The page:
D.C. police responding to a midmorning holdup of a liquor store on busy Georgia Avenue on Monday exchanged gunfire with one suspect, who was killed, and arrested a second person in a nearby alley.
The burst of gunfire just off a commuter route near the Maryland border unnerved residents; one woman walking by said she dropped to the sidewalk. It also prompted police to shut down several streets for hours and dispatch a helicopter over the Shepherd Park neighborhood as they searched for clothing that they said one of the suspects shed as he tried to escape.
Officials said the robbery at Morris Miller Wines and Liquors, on Alaska Avenue just steps from the 7800 block of Georgia Avenue NW, occurred shortly after 9 a.m. D.C. Mayor Muriel E. Bowser (D) said that “there was gunfire exchanged, first with the suspect firing on [police] and [police] returning fire.”
The names of the dead suspect and the person who was arrested were not immediately made public on Monday as detectives continued to search for evidence. Police marked more than a dozen shell casings scattered in a parking lot where the shooting occurred and along Kalmia Road, in front of Northminster Presbyterian Church.
Police said the incident underscored a crime threat that has created fear in several neighborhoods across the District — an increase in holdups of people walking on the street and of stores. There have been 991 armed robberies reported this year in the District, up from 877 at this time last year.
“For a long time, our biggest criminal enterprise has been robberies,” D.C. Police Chief Cathy L. Lanier said. “Typically, it’s small groups of individuals who will commit multiple robberies over a period of time.”
Robberies have been a problem in several areas of the city. The crimes have surged on Capitol Hill over the past several weeks, and police in recent days have arrested eight people they say are responsible for a series of attacks in that neighborhood near Eastern Market and H Street, and in the Navy Yard area.
Those arrests include five holdups that occurred within 40 minutes on Wednesday night and a man who was held up about 7 p.m. Sunday at Seventh and E streets NE. Authorities said a young man put a gun to the back of the victim’s head and pulled the trigger. The victim “heard a click,” a court document said, and three teens ran with $75, credit cards and a cellphone. One person was later arrested.
On Friday, police arrested a juvenile and charged him in six robberies along the Rhode Island Avenue corridor in Northeast. That same night, police said, a victim in the Navy Yard neighborhood tackled a juvenile who allegedly robbed him.
Lanier said detectives will investigate whether the two people allegedly involved in Monday’s robbery of the Morris Miller liquor store can be linked to other crimes. The shooting by police will also undergo an extensive review; police said they recovered a gun next to the dead suspect’s body and have video from surveillance cameras inside the shop.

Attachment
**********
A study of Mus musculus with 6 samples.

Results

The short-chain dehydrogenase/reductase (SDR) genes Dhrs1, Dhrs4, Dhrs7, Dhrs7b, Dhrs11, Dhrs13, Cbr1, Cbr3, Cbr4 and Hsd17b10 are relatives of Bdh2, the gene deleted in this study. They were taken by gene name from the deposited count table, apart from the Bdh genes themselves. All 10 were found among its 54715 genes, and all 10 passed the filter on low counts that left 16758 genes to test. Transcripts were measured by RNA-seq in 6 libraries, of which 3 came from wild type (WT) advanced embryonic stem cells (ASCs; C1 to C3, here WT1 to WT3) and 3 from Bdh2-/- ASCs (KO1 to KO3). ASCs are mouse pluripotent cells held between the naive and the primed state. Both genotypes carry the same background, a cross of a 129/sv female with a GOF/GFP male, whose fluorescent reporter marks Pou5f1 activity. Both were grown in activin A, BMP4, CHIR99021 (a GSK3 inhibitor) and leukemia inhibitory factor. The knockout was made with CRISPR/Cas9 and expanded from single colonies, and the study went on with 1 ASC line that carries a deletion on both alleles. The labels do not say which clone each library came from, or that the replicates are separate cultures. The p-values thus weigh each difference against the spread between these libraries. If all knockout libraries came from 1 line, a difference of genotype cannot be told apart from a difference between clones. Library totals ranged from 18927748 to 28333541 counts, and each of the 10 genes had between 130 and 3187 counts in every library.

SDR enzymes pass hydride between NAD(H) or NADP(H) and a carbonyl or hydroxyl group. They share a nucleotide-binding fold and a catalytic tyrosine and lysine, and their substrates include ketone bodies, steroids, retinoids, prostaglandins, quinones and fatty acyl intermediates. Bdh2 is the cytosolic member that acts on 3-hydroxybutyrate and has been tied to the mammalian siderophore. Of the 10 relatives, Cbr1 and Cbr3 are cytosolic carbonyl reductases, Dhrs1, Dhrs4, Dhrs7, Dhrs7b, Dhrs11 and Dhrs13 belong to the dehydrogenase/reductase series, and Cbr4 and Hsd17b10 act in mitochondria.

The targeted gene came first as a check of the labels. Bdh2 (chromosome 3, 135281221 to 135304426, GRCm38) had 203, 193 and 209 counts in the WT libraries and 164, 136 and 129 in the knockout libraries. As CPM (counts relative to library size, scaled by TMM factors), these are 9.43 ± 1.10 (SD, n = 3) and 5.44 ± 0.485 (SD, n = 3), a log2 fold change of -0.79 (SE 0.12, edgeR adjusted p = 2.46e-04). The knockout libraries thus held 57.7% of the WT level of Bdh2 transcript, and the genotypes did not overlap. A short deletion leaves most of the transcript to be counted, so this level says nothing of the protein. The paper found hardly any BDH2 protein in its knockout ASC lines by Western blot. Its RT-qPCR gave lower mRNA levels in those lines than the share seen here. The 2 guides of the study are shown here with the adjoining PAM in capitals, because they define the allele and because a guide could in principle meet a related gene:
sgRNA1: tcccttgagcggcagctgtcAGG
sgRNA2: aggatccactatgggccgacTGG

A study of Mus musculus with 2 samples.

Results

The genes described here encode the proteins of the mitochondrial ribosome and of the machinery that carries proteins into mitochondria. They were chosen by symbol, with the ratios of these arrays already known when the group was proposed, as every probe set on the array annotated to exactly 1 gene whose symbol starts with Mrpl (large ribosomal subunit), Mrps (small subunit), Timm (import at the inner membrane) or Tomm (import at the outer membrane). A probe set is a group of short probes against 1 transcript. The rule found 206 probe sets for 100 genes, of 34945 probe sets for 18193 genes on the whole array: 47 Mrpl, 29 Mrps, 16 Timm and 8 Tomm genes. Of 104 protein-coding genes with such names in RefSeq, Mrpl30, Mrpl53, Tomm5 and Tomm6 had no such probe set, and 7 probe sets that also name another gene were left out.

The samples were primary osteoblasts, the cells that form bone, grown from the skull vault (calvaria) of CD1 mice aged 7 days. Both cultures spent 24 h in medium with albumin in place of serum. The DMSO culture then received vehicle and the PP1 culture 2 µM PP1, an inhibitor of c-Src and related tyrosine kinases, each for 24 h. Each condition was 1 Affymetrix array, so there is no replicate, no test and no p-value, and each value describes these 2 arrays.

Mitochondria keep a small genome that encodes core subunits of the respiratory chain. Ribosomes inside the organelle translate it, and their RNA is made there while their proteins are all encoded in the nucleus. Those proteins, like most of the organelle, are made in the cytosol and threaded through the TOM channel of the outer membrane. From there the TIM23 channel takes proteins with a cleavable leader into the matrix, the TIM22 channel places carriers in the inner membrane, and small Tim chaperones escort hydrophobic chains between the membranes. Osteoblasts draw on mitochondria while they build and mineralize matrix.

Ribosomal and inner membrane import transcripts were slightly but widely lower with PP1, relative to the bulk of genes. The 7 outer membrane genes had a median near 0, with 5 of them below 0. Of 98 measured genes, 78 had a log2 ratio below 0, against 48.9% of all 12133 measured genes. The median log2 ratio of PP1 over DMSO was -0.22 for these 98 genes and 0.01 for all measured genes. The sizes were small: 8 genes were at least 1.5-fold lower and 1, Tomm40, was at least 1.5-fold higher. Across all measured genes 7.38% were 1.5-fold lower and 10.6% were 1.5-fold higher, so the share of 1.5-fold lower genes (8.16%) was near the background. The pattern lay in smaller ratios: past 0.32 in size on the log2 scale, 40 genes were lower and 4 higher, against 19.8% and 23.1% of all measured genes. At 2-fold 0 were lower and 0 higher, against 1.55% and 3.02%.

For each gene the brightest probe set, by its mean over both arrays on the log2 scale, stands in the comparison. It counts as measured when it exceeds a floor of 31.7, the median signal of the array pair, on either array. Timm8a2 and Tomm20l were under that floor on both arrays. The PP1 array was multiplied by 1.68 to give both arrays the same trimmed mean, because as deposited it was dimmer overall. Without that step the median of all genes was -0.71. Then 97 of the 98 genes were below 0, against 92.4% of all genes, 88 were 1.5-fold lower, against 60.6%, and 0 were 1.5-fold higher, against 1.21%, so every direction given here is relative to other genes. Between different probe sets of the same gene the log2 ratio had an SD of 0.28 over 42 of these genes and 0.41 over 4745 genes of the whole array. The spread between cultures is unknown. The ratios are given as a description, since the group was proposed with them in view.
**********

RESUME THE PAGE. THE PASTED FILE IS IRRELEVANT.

Representatives from Morris Miller — one of the District’s oldest liquor stores, established in 1934 — could not be reached. The store was the first to get a license to sell alcohol after Prohibition, according to the Washington Evening Star, and customers come from the District and nearby Silver Spring.
The 911 call reporting a robbery at the shop brought a cavalcade of police cars and prompted a brief lockdown of businesses and homes as police searched for the second suspected robber.
Ryanne Coward, 27, was walking by her home on Kalmia Road when she heard an officer scream, “Get down on the ground,” followed by what she thought was as many as 30 gunshots fired from different weapons. She said one gun was louder than the others. “When I heard him yell, ‘Get down,’ I got down,” Coward said. “I dove to the pavement.”
The shootout occurred behind the liquor store, in a parking lot shared by businesses along a commercial strip. Hernan Carrasco was mending a century-old carpet at Manoukian Brothers Oriental Rugs when he heard gunshots. He rushed to the back of the store and a door that opens into the parking lot.
From his vantage point, the 51-year-old said, he saw one officer shooting and a person taking cover behind a trash bin. He said he could not see that person shoot, but he was closer to the officer. Police said several officers fired and that the suspect fired on them first.
“I was scared,” Carrasco said in Spanish, a co-worker translating. “I was afraid the bullets would come in here.” From the store’s back door, two clumps of shell casings could be seen — one near a police car, the other near a blue tarp that shielded the body.
Around the city, officials have been reaching out to residents concerned about the rise in robberies.
Lanier and other police officials have been invited to a crime meeting on Capitol Hill on Tuesday night. Upset residents have banded together to form a new group, Citizens for a Safe Capitol Hill.
D.C. Council member Charles Allen (D-Ward 6), whose ward includes Capitol Hill, met with 75 residents at a coffeehouse on Friday. He said Lanier has committed to dispatching robbery suppression squads and having officers on bicycles work overtime to get a handle on the situation both on Capitol Hill and near the Navy Yard.
The council member said that “people I talk to are scared. They are seeing daytime armed robberies. They are seeing a flurry of nighttime robberies. They are asking, ‘Am I safe walking in my neighborhood?’ ”
Dana Hedgpeth, John Kelly, Dan Morse and Clarence Williams contributed to this report.